The interview came after the controversial deal brokered between the EU and Turkey to return "irregular migrants" from Greece to Turkey came into force on April 4.
"It remains to be seen whether local authorities will be able to relocate migrant without resorting to the use of force," Dokos said.
He remained pessimistic about the implementation of the deal, warning that the country might backslide on human rights as far as refugees are concerned.
"It's quite unclear how fast the process will continue. The whole agreement is problematic and imperfect, but the main thing now is to try to limit any violation of migrants' rights," he pointed out.
Earlier in March, Brussels and Ankara worked out and agreed on a deal under which Turkey pledged to take back all undocumented migrants that had arrived in the European Union in exchange for Syrian refugees on a one-for-one basis.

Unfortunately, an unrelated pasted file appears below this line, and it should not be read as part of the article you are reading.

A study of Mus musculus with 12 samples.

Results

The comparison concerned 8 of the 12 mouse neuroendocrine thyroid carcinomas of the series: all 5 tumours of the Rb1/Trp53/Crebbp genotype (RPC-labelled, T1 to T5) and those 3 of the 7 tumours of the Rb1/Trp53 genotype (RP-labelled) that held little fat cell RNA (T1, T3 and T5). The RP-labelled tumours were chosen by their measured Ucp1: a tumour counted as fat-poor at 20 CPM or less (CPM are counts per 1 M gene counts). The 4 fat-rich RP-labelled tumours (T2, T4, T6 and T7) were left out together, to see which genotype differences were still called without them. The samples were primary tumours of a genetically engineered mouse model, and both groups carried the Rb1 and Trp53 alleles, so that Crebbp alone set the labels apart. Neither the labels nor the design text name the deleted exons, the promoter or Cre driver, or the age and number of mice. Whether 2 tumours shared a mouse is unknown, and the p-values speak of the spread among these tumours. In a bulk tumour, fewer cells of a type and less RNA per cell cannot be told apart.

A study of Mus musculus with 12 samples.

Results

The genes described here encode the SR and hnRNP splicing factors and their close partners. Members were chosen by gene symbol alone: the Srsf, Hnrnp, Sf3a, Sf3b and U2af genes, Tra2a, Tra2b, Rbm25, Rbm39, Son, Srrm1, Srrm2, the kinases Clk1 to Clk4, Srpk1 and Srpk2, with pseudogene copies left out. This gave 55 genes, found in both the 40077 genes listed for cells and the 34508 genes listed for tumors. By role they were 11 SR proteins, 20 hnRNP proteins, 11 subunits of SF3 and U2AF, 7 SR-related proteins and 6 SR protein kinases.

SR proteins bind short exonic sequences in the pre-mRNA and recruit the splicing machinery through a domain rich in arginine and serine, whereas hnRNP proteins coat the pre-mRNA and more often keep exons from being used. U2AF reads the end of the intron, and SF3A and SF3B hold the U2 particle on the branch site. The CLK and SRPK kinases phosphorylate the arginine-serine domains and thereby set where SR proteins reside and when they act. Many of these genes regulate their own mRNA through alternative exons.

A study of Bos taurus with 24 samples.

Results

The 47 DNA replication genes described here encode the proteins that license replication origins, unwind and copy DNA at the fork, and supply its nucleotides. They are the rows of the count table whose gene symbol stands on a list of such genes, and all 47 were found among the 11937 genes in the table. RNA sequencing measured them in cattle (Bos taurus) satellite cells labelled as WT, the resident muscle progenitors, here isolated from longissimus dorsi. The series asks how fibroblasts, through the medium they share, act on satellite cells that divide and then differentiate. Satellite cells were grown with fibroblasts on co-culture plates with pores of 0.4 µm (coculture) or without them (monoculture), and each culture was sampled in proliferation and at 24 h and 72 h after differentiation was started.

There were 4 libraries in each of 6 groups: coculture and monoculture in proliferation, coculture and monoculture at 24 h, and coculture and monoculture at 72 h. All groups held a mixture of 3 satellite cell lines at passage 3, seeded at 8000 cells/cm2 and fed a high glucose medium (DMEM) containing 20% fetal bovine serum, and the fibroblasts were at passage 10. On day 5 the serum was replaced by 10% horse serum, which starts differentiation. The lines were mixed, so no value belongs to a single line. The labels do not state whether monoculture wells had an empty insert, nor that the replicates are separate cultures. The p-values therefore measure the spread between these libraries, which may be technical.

In return, the European Union pledged to provide a total of 3 billion euros (over 3.3 billion dollars) to Turkey for dealing with refugees, accelerate Turkey's EU accession process and introduce a visa-free regime between Turkey and Europe.
The deal between Brussels and Ankara was quickly condemned by human rights organizations as 'immoral' and potentially illegal, with critics saying that Turkey does not have the resources or capability to care for migrants properly and that many are in danger of ending up back in war-torn Syria.
Europe has been beset by a massive refugee crisis, with hundreds of thousands of undocumented migrants fleeing their home countries in the Middle East and North Africa to escape violence and poverty. The majority of them arrive via Turkey, which is currently home to over two million refugees, mostly from Syria.